Part of our Innoflections series: senior reflections on insurance innovation written by guest author Hélène Stanway
I often reflect on innovation in corporate life and how it’s both viewed and frequently treated, whether it be ‘off the side of a desk’ or someone’s or a team’s raison d’être.
In Dan’s recent blog, he put forward a hypothesis that ‘an inability to place value on innovation leads to its demise in an organization’.
Whilst yes, you can de-risk innovation [logic, the head], unless we connect with the person [emotion, the heart], can innovation really succeed? Ultimately, it’s the people at the heart (pun intended) that will, or indeed won’t, adopt the innovation and therefore whether it will or won’t succeed. How many fantastic ideas and innovations have fallen by the wayside because the people didn’t get energised and excited by the idea enough to take a personal risk to make it happen, even with a de-risked, positive ROI.
So, yes to Dan (of course!) and…my hypothesis… why a rock-solid business case will only get you so far; the missing success factor… the people.
Whilst this is by no means an exhaustive list, here are a few stories… tales from the front line, if you will.
The one with the innovators
One of the pieces of feedback I received whilst leading an innovation team, and which will always stick with me, was: Why are you working with team x? Their book of business is tiny compared to team y. Your innovation ROI is too small, deprioritise it.
And yet, why did I work with team x? (and continue to do so even after that ‘advice’). Simple, it was because of the people. Team x wanted to do something different, they wanted to use new tools, new insights, innovate directly with clients. Team y… did not have the same mindset. I tried that; it was painful, slow and everyone ended up frustrated. That work I did deprioritise!
By working with people who are willing to challenge, take a personal risk, work with you to pivot and solve problems, that is where you can build a great case study, even if it is smaller.
Then, it’s all about telling others, showing others, showcasing that innovation does work. Get team y curious that it can be done by building that psychological proof and then they ask ‘Huh… what’s that team over there doing? I want some of that’ and then you ‘win’.
Eric Ries noted this in The Startup Way: you can build and prove a model in a small corner of the organisation and then use that to spread the ‘good news’ across to larger, more ROI-heavy portions of the organisation. Best of all, clearly, is to have the willing people in an ROI-heavy area already, but those areas tend to be more difficult to change (supertanker / too BAU / the organisation is too reliant on their revenue).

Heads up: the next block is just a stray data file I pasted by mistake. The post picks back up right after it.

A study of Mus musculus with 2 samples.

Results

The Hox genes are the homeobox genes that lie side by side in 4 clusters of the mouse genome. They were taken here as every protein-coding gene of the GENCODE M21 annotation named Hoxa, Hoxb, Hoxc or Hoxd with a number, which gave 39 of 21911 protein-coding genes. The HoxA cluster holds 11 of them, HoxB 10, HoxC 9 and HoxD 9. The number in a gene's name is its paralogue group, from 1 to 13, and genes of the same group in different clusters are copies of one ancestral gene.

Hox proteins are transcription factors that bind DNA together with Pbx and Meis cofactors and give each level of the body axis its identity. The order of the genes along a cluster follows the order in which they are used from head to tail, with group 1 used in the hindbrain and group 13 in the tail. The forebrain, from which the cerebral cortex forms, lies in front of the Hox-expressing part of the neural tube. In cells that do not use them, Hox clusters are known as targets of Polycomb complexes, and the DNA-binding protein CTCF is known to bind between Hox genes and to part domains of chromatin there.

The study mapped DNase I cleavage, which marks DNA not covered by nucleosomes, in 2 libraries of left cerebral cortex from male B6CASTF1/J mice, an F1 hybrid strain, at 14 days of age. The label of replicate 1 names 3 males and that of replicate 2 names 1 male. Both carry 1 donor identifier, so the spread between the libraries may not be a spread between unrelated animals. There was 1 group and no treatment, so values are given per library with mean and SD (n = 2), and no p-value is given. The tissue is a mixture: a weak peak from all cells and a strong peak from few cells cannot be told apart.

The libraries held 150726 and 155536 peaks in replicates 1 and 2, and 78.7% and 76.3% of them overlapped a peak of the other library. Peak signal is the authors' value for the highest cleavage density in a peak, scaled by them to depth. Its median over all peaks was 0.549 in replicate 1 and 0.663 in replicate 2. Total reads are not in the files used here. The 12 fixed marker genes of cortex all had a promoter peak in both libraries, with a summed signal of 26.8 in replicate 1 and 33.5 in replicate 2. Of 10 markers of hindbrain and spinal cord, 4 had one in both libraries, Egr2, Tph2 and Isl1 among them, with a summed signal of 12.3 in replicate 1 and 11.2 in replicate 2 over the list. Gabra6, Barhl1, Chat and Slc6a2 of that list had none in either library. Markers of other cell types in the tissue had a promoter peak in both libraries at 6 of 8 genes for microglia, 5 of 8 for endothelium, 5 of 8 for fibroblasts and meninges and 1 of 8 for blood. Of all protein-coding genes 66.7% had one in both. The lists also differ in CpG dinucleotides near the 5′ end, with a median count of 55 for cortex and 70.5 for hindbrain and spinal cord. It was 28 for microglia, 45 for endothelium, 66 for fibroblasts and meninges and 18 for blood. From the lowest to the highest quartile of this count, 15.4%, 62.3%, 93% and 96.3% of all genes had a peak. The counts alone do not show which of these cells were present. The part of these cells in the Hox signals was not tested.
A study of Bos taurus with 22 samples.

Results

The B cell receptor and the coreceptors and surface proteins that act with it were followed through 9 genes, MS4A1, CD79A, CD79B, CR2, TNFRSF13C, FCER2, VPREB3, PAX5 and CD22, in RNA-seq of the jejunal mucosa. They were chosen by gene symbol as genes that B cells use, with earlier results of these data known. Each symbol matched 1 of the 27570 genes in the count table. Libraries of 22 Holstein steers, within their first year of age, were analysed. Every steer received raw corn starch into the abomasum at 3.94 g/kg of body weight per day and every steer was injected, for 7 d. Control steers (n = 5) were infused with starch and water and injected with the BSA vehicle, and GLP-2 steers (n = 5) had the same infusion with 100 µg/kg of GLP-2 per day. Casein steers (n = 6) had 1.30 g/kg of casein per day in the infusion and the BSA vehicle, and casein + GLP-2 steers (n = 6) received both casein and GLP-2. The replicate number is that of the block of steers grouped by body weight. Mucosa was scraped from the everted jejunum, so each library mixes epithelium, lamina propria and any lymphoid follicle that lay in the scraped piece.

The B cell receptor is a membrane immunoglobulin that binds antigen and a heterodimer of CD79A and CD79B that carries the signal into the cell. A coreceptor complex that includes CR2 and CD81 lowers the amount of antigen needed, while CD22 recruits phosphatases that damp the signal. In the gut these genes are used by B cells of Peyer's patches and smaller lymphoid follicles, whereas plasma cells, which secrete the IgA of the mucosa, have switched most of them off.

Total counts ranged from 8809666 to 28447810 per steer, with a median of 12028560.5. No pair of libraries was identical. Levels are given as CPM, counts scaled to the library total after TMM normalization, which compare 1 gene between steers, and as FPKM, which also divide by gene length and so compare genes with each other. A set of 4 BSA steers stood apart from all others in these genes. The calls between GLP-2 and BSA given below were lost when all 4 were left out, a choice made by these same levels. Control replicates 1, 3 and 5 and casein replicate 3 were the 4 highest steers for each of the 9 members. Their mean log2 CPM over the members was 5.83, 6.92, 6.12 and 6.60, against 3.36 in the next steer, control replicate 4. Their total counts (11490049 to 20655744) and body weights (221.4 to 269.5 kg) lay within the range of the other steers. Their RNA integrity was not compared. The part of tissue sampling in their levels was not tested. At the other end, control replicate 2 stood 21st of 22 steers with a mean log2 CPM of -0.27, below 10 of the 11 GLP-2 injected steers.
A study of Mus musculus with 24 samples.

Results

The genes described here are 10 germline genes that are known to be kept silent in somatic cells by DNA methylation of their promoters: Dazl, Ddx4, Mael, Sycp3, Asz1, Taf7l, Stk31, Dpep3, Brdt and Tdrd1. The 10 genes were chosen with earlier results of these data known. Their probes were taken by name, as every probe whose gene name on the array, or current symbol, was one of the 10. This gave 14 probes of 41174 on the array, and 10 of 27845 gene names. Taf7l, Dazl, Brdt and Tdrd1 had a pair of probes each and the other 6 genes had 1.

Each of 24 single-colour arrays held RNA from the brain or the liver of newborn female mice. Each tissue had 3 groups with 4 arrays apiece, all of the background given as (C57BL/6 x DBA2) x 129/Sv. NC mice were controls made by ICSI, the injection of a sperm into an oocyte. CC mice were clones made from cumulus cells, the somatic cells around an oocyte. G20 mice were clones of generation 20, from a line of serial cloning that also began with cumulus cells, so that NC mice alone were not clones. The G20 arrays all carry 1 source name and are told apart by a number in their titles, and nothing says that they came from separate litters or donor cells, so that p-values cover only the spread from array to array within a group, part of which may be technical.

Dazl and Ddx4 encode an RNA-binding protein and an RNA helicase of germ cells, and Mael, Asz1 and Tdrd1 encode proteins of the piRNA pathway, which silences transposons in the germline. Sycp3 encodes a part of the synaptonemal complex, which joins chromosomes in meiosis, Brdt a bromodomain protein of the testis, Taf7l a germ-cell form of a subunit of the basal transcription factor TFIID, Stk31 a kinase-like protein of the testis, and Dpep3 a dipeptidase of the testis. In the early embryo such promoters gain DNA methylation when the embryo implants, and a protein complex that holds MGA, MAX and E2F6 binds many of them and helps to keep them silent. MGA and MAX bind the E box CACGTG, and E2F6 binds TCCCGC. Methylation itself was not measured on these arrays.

The one with the tinkerers
This really should be old news but it’s not…and does it matter?
Most organisations do not effectively prioritise innovation and yet plenty of really good ideas make it through the corporate treacle despite not having a pot of gold as a reward. Again, it’s about the people… those that are intrinsically driven to take a good idea, mould it, experiment with it, socialise it; they feel that fear and put themselves out there anyway. They find a network of people to get it done ‘off the side of their desk’ with the knowledge and satisfaction that their idea is out there. It takes people with the right mindset, persistence and resilience.
The one with the intrapreneur
I have had the pleasure of working on many innovative ideas and those that ‘made it’ were a result of diverse teams working on the idea alongside inspirational leaders who did take a bet on the new and different, giving us the aircover we needed. Not only the diverse perspectives, across and outside the organisation but it was those people who were comfortable not knowing, learning as they went, getting it wrong and course correcting (that word resilience again!); being okay with not having the answers upfront and relishing the uncertainty.
Corporately of course, you need to have innovation aligned to a plan and ROI otherwise ‘the business’ won’t let it succeed as it’s not seen as important if it doesn’t add value or contribute.
But it’s the people and mindset that will make it work in practical terms. The secret was finding the right people to work with, building use cases and building proof that innovation can work, and then new ideas do make it through; making something that was very uncertain and unfamiliar accessible to those more risk-averse.
So, you really need both to align – and for me, the people come first – in the end it really is a people sport….
Words and thoughts are my own.
Note: this is part of our Innoflections series: senior reflections on insurance innovation. A space for big ideas. We’re happy to share this space from time to time, so get in touch for a chat if you’ve got a big idea to share.